Reimbursements a Factor in Vaccine Recommendations
Some physicians are refusing to purchase Merck's cervical cancer vaccine Gardasil or are restricting who receives it because they say insurance reimbursements for the vaccine are too low, the Washington Post reports. The issue "highlights a long-simmering dispute over reimbursement for immunization" that has "accelerated as the number of costly new vaccines has proliferated," according to the Post.
Some insurance companies pay doctors $122 per shot for the three-dose vaccine -- $2 more than the price the physicians pay per dose -- which doctors say is not enough to adequately cover the costs of stocking and administering the vaccine.
The problem disproportionately affects pediatricians, who administer more immunizations and are among the lowest-paid specialists, experts say.
Some doctors are providing the vaccine only to those who are insured through plans that will pay a "reasonable" fee for Gardasil, usually about $140 or more per dose. Others write prescriptions for Gardasil, which patients can obtain at pharmacies, and charge a fee for administering the shot.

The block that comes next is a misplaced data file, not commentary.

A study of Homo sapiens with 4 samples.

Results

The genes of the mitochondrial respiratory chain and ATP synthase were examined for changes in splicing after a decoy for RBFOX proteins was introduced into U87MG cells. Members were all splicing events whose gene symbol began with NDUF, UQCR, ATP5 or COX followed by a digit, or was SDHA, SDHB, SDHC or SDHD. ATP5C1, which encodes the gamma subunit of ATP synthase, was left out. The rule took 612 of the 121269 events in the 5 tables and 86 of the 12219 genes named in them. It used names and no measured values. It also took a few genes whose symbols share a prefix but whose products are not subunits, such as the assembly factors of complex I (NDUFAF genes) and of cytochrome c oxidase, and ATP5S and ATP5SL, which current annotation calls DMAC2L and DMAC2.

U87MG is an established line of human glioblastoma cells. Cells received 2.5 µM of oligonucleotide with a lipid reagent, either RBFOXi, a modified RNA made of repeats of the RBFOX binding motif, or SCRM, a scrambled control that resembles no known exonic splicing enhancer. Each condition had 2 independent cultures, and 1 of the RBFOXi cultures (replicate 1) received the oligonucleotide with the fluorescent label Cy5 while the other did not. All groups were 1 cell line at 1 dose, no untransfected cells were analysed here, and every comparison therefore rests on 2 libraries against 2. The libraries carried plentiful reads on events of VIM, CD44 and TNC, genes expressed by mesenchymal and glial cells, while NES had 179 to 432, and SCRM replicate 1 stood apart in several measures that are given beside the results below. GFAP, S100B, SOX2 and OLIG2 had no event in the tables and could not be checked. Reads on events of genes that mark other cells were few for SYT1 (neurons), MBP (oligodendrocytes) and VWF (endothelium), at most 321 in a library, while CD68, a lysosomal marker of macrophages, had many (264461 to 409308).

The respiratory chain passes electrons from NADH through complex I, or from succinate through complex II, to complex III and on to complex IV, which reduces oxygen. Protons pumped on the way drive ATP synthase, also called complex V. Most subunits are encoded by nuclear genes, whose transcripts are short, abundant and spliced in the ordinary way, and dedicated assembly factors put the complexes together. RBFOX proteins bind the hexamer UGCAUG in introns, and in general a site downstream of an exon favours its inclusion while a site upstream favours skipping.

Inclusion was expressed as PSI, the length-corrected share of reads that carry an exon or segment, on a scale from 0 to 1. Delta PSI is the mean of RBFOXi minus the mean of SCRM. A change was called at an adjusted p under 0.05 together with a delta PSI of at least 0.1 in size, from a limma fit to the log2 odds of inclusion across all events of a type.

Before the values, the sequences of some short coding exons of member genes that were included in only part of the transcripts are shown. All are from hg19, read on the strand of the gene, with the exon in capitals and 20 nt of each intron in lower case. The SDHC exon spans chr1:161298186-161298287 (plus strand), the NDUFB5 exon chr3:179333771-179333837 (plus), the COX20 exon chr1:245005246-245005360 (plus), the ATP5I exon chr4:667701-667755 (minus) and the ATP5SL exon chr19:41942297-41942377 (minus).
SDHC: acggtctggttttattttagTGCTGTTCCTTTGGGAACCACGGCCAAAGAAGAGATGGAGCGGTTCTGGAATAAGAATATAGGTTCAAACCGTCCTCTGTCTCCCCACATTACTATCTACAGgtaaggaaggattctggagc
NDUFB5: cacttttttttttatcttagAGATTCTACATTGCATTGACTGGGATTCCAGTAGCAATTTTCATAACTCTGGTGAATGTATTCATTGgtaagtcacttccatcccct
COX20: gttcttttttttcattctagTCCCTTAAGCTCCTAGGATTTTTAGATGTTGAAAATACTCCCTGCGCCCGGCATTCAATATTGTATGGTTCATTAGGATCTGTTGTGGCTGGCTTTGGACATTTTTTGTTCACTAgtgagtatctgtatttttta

However, many insurers only pay for vaccines provided by a doctor. The "spotty availability" of the vaccine "is likely to complicate efforts by parents to comply" with laws requiring the vaccine for school entry, the Post reports.
Anne Francis, an associate clinical professor of pediatrics at the University of Rochester School of Medicine, noted that the cost of fully immunizing a child has increased from $150 two decades ago to $1,500 today. Francis added that many small practices are reluctant to pay up front for vaccines when it is difficult to make up the cost of even a single lost dose.
Merck executives say that the cost of Gardasil is justified by the cost of developing the vaccine and the value it provides. In addition, insurers maintain that they provide adequate reimbursement for the vaccine (Boodman, Washington Post, 5/1).